When you’re a team full of over-the-hill or never-were veterans, a team that is offensively-challenged to the umpteenth degree beyond your dominating center fielder, and a team that has a broke owner, playing your top offensive prospect who doesn’t make a lot of money and has the most upside of any of your left field candidates is the obvious and wise choice.
Unfortunately, if you’re the Los Angeles Dodgers, and more to the point, Ned Colletti, you sign Juan Rivera for $4 million (with a $4 million club option for 2013) and confuse the whole baseball world yet again.
Rivera – after being plucked off waivers following his release from the Toronto Blue Jays – stepped to the plate 246 times over 62 games and hit .274/.333/.406 with a .324 wOBA.
Now, you may be asking yourselves how anyone could be impressed with this, aside from the fact that it meant sayonara to Marcus Thames, Jay Gibbons, and Eugenio Velez. Well, Rivera’s impressive play, in the eyes of Colletti, is based on two things: a BABIP-fueled (.358) 34-game stretch in which he smacked the ball to the tune of a .322/.367/.496/.863 line, and 46 RBIs in those 62 games in Dodger Blue. In his last 28 games to end the campaign, Rivera’s slash line: .221/.297./308/.605 with a .236 BABIP. Rivera’s career batting average on balls in play is .283, but it has not exceeded .300 since 2006. He most certainly has a place on this team, and one we should all welcome, but that place is not making four million dollars and starting in left field every day.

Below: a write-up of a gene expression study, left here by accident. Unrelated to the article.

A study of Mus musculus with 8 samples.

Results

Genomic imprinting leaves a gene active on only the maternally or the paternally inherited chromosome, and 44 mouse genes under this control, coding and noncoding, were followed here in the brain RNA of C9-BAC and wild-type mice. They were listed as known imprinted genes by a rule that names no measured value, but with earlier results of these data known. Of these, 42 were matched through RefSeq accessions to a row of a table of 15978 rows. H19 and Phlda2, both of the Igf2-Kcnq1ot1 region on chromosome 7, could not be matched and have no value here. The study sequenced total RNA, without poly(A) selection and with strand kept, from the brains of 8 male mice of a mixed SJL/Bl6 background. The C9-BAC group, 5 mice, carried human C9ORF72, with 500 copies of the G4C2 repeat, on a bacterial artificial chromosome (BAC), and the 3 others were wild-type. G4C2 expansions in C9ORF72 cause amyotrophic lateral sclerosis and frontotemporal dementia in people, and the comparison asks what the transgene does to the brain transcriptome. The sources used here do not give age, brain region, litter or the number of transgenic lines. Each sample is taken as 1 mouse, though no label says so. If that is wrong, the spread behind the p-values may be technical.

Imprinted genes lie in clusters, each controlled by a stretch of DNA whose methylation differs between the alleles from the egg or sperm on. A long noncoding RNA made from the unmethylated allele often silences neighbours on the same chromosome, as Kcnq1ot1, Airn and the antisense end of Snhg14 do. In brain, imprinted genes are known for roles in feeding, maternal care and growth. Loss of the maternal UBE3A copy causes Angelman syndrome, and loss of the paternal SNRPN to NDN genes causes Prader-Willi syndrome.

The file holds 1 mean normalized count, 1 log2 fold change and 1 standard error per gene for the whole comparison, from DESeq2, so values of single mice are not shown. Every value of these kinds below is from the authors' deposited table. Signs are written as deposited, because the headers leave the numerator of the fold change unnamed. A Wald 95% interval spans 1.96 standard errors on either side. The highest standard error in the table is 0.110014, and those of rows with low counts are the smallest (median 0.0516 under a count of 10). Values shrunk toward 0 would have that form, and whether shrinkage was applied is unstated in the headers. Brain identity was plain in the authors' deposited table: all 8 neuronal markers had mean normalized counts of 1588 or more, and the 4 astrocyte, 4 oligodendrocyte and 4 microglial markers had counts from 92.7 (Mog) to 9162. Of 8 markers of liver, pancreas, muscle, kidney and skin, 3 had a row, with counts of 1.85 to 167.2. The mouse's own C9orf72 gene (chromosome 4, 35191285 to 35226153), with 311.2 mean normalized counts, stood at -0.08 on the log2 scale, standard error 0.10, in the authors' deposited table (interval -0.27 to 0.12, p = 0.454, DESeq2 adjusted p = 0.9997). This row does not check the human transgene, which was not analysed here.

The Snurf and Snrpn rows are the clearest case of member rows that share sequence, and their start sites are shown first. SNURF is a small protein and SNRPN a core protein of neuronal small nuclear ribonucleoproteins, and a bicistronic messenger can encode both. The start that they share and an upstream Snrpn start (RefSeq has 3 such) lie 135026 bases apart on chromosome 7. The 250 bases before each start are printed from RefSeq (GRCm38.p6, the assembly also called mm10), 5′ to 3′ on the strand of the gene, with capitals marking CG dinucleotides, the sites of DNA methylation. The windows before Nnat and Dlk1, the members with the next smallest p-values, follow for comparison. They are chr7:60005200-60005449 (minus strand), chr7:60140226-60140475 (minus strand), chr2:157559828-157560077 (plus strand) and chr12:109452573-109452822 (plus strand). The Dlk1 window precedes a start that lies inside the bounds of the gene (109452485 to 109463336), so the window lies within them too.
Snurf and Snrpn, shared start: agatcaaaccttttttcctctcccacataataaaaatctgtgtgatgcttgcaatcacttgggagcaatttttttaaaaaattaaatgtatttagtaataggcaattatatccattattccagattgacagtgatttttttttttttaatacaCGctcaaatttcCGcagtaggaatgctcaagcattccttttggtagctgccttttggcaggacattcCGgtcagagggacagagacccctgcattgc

Rivera performs well against lefties, to the tune of a .289/.335/.495/.830 line, and the Dodgers have a first baseman and a right fielder who can’t hit lefties to save their tails. A match made in baseball heaven this should be. Platoon Juan with both Andre Ethier and James Loney, leaving left field wide open for the club’s best offensive prospect, who has nothing left to prove in the minors: Jerry Sands.
Rivera has never been more than a 2.8 WAR player, and Sands has displayed power, a good eye at the plate, and the ability to get on-base. Plus, and this can’t be stressed enough: he’s got upside and is only 24 years of age. If either of their respective glove work is concerning (Rivera actually boats a career UZR/150 of 4.8 in left and Sands’ best work in the field in small sample sizes has been in right), Tony Gwynn, Jr. is always around to play late-inning caddy.
The moral of the story is this: don’t sign Juan Rivera for four million bones to be a starter on your team, and don’t let Ned Colletti have control of the signings to begin with.